Religion is considered not only a matter of faith but also a way of life. We all believe in Almighty God, the creator of the universe who guides our lives. God is one but he may be worshipped in various forms by different religions. It is the faith in our religion that teaches us, how to lead a good and happy life.
India is singularly blessed on this account; it is the birthplace of Jainism, Buddhism, Sikhism and Hinduism. Most of the saints and sages who propagated these religions were born in India. It is from here that they set out to enlighten the world. Thus, culturally and spiritually our forefathers were more advanced and lived a full and happy life.
The same cannot be said of today, for religion has become a major reason for discord and unrest. Like a double-edged sword, it can also incite hatred and inflame passions to such an extent, that men start behaving like beasts, baying for each other’s blood. This evil facet of religion has been fanned and exploited by some religious and political leaders, for their own vested interests. It is indeed shocking to see, that in this age of enlightenment, we are still living in the dark ages, believing one religion superior to the other.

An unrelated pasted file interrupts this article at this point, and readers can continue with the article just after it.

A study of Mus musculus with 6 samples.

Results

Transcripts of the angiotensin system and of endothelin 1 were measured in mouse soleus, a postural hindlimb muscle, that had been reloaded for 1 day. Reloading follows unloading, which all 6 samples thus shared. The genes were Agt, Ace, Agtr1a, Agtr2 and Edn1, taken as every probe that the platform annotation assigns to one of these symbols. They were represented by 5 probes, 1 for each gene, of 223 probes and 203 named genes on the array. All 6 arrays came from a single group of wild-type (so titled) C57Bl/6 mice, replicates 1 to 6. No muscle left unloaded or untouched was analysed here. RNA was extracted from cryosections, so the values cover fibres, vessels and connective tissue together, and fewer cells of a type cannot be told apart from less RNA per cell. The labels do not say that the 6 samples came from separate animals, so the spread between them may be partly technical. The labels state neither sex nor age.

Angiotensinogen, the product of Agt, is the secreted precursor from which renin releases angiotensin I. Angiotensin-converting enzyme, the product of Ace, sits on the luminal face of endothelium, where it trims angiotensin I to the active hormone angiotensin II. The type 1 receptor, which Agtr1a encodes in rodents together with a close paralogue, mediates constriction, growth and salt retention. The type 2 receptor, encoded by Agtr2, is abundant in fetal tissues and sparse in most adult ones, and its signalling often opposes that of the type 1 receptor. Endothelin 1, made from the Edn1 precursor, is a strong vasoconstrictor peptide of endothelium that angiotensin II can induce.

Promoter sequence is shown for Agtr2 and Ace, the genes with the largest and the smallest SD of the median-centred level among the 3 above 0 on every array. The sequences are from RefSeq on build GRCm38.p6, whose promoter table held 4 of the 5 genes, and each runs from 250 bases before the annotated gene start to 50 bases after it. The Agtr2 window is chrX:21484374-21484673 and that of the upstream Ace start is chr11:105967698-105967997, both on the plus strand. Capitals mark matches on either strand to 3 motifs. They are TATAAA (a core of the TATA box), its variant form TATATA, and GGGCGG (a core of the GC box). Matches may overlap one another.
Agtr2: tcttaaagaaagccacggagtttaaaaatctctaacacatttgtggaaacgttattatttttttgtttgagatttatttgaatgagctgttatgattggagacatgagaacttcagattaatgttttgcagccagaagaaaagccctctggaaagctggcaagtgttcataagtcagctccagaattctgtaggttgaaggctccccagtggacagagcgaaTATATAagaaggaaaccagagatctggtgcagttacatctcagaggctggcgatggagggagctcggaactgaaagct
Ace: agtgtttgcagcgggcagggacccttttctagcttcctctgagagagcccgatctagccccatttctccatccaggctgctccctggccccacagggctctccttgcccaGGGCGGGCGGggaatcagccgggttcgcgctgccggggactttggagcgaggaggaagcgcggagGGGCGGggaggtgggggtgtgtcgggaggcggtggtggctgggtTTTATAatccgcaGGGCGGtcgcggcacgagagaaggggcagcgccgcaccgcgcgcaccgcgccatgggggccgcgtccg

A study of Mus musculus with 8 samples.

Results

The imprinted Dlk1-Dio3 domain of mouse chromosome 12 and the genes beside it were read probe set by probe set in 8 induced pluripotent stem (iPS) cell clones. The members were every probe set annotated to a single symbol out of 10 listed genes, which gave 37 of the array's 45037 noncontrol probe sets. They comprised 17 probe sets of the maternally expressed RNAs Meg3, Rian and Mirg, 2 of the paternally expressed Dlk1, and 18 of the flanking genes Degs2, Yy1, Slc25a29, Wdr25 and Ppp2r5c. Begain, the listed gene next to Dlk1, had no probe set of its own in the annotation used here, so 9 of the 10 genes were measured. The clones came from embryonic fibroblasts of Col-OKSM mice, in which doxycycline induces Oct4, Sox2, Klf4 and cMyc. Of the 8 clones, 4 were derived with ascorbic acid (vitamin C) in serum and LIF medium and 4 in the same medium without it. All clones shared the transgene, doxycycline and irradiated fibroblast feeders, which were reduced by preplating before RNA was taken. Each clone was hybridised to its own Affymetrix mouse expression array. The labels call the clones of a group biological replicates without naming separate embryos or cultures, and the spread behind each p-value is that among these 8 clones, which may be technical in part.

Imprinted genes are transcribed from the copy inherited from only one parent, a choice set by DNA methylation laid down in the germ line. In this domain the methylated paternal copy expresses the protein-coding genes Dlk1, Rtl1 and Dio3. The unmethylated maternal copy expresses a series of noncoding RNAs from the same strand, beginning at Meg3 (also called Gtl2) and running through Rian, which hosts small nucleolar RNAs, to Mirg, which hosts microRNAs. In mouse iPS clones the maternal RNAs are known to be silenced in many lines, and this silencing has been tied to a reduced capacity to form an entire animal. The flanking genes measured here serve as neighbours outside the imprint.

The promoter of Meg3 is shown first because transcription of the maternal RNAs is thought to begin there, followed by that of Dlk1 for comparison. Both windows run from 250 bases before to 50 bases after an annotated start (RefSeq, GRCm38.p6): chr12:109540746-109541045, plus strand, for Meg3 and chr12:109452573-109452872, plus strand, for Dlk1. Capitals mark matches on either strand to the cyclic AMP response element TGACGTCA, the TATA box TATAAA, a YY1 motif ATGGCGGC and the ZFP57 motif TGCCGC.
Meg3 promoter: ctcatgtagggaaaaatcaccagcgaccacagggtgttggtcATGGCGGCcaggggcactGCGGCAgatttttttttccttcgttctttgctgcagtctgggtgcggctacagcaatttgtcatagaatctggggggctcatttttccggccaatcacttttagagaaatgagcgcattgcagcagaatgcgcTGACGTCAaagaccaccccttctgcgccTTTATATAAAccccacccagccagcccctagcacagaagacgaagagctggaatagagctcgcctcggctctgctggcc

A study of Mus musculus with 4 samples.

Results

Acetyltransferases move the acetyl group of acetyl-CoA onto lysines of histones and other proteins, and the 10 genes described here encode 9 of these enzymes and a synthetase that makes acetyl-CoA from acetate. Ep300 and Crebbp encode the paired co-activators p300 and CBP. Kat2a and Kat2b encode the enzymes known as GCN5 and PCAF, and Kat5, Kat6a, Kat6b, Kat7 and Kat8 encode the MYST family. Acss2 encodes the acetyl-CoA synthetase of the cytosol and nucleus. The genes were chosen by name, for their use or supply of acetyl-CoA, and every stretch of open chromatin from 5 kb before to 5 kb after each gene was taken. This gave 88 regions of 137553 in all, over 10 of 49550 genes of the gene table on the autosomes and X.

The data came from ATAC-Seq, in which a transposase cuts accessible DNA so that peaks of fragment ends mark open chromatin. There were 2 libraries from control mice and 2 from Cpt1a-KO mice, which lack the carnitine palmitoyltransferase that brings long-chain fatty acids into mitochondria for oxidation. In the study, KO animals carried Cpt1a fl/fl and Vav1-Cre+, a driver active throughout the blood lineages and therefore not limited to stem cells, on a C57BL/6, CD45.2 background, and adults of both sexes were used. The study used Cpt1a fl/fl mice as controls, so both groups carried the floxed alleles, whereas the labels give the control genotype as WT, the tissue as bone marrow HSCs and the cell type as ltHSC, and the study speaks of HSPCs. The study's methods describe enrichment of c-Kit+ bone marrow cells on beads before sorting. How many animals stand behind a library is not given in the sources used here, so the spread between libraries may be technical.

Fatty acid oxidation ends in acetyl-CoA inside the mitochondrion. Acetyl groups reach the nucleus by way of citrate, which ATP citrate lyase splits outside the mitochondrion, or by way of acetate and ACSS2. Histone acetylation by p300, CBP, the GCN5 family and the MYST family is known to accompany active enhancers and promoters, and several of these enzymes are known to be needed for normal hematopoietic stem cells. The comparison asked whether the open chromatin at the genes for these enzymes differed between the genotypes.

However, at the personal level, we find that we are being greatly influenced by western culture. The strict moral pillars of our religion are gradually being forgotten. No longer do we find many Muslims offering Namaz five times a day, Christians going to Church every Sunday or Hindus going to temples everyday for offering prayers. The reason is that our outlook has become very moderate and easy-going. However, at the political or social level, we are ready to exploit our religion for acquiring more power. It is this contradiction in our thinking that is being exploited by the unscrupulous leaders, who build discord among people resulting in communal strife.
The cause of this contradiction is that we don’t understand religion. If we had really understood our religion, things would not have come to such a pass. This is because no religion teaches violence, disharmony, and disrespect for other religions. It is only we who fall prey to the mechanisation of conspirators in the religious grab. This has led to several disastrous consequences for it is said
“Men will wrangle for religion, write for it, and fight for it, anything but live for it”.
The place of religion in India is indeed very sensitive and politically explosive. It is, however, still not too late; we should realise that we cannot wear religion on our sleeves to be used only at our will. It is something more sublime and spiritual. We must not only proclaim to be religious but we must practice it in our daily lives. This only shall lead to more love, compassion and a feeling of brotherhood which is the need of the hour in India.